Lewy body dementia (LBD), the second most common form of dementia after Alzheimer's Disease, is a brain disorder that results in irreversible cognitive decline and movement problems similar to Parkinson's Disease. Lewy bodies are an alpha-synuclein protein that develops in areas of the brain involved in thinking and motor control. When they build up they can have a negative impact on the brain, affecting memory, thinking skills, movement, mood, and behavior. These abnormal proteins are also found in the brains of Alzheimer's patients, leading experts to believe there may be a Lewy body variant of Alzheimer's, or that a person can have both. The similarities among these types of dementia make diagnosis difficult.

Lewy body dementia refers to both dementia with Lewy bodies and Parkinson's disease dementia. Diagnosis depends on which symptoms occur first. In dementia with Lewy bodies, the patient starts with cognitive problems and later loses control of their movements.


While not every patient with LBD will experience every sign and symptom of this form of dementia, sudden or severely shifting changes in their behavior or cognitive functioning should be reported to a doctor. Common symptoms of LBD include:

  • Slow, rigid movements
  • Shaking
  • Balance issues
  • Fainting
  • Difficulty with concentration and alertness
  • Visual hallucinations
  • Daytime drowsiness
  • Fluctuating changes in personality or mood
  • Memory loss
  • Confusion
  • Problems sleeping


Although the definitive cause of dementia with Lewy bodies has not yet been determined, most scientists believe that, given the presence of Lewy bodies in the brains of both Parkinson's and Alzheimer's patients, the disorder may be related to either or both diseases.

It has been determined, however, that the greatest risk factor for LBD is advanced age, with typical onset appearing between the ages of 50 and 85. Genetics may also contribute to the risk of developing the disorder, but as of right now, there is no accurate test available that can predict if a person will develop LBD.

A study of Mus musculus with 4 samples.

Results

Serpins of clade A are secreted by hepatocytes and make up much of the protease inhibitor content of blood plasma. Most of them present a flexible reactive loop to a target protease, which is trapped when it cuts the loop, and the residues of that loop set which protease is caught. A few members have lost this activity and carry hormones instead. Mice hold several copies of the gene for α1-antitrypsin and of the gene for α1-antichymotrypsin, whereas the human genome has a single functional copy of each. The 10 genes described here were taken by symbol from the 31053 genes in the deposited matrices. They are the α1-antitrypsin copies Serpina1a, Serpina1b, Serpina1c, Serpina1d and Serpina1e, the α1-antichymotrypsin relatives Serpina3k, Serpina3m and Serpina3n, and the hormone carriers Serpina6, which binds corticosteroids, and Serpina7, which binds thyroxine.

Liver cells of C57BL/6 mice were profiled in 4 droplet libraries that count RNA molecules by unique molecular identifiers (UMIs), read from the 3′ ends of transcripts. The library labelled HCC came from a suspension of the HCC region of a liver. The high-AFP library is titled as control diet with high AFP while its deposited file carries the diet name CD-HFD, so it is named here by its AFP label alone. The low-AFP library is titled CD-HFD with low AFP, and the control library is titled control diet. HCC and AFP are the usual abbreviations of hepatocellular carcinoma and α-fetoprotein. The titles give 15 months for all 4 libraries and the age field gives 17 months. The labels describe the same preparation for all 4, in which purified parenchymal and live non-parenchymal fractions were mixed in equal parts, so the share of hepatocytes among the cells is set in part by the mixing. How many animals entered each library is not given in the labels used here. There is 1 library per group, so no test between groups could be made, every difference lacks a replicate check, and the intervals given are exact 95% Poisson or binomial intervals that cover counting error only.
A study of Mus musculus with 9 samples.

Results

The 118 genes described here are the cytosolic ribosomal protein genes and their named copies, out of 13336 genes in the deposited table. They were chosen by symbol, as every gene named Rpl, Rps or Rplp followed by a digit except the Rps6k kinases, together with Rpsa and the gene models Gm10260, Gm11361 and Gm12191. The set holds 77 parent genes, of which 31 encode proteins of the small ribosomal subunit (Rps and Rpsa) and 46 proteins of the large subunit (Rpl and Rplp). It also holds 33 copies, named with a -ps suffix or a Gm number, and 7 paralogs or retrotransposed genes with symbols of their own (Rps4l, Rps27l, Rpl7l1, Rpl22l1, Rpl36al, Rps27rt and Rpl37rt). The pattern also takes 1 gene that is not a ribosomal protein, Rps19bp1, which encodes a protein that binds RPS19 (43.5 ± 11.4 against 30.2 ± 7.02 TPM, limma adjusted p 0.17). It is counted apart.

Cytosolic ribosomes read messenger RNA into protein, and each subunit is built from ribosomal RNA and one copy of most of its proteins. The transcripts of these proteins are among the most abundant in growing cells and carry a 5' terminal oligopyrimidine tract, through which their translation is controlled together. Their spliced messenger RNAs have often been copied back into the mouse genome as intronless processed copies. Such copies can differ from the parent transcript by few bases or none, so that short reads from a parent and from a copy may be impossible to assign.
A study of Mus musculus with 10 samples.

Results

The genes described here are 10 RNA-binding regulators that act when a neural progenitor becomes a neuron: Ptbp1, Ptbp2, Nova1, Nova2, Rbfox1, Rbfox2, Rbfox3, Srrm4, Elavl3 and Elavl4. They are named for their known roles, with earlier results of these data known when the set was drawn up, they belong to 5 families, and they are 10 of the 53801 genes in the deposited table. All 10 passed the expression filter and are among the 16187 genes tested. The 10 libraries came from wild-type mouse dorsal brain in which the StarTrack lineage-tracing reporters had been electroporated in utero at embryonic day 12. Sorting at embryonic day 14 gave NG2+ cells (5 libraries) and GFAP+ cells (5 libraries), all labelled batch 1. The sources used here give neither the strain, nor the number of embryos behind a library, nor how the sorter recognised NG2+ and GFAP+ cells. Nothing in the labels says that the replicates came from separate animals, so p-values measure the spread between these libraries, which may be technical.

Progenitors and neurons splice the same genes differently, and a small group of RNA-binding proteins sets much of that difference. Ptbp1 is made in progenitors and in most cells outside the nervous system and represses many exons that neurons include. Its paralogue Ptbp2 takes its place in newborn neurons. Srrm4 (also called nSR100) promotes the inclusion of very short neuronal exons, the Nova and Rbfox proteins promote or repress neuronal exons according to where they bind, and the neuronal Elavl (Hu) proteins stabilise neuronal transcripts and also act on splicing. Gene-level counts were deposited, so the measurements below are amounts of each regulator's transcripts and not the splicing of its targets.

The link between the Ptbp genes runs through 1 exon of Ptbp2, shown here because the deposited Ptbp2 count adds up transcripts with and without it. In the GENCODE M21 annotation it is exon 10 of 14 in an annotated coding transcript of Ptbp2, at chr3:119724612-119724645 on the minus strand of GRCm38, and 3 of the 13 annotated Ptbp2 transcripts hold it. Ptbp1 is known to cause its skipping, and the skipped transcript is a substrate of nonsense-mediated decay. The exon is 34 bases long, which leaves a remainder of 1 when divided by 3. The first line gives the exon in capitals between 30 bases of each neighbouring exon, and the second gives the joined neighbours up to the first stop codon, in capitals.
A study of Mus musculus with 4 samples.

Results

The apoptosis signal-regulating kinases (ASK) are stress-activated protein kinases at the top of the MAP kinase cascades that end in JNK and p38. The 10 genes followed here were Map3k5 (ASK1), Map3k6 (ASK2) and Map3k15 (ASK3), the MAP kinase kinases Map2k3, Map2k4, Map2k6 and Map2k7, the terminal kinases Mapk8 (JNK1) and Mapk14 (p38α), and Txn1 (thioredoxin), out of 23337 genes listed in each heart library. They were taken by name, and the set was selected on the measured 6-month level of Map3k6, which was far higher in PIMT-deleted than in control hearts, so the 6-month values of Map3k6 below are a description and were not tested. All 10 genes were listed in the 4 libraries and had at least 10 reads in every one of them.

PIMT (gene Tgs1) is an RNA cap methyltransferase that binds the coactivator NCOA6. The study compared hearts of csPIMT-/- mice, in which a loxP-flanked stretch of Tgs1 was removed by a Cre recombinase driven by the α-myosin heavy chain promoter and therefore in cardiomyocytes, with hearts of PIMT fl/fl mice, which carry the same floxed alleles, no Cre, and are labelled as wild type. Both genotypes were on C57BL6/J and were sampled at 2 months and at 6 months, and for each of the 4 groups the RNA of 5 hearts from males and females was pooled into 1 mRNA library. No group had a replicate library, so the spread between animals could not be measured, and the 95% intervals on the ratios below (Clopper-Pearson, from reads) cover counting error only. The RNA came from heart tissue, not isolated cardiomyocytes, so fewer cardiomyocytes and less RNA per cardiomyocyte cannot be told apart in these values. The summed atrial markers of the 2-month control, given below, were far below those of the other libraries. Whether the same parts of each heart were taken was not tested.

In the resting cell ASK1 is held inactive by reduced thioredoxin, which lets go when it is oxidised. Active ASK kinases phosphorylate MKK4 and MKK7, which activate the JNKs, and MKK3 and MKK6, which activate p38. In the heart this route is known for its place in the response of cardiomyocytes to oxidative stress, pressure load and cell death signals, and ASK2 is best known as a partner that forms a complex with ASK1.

This complex disease demands a comprehensive treatment plan since every patient is unique in how their symptoms are expressed and how they react to certain medications. Whatever the case, individuals with LBD should never take antipsychotics, as they are extremely sensitive to these drugs and taking them may worsen symptoms. Talk with a doctor about potential side effects before starting any medication, since Lewy body patients are more likely to have negative reactions to drugs used to treat individual symptoms (e.g. antidepressants, antispasmodics, tranquilizers and surgical anesthetics).

Due to the complications from taking medication, patients may consider other nondrug forms of therapy. Physical therapy-weight training, cardiovascular training, stretching, and balancing exercises can help improve mood and some motor symptoms. In advanced stages, speech therapy can be beneficial for improving pronunciation and muscular strength in swallowing difficulties. Any kind of therapy promoting independence and reducing anxiety, such as occupational or music therapy, can also help improve mood.

The complexity of this disease demands a strong patient support group. Working with family, friends and other people with LBD can provide the emotional support needed to improve patient outcomes and quality of life.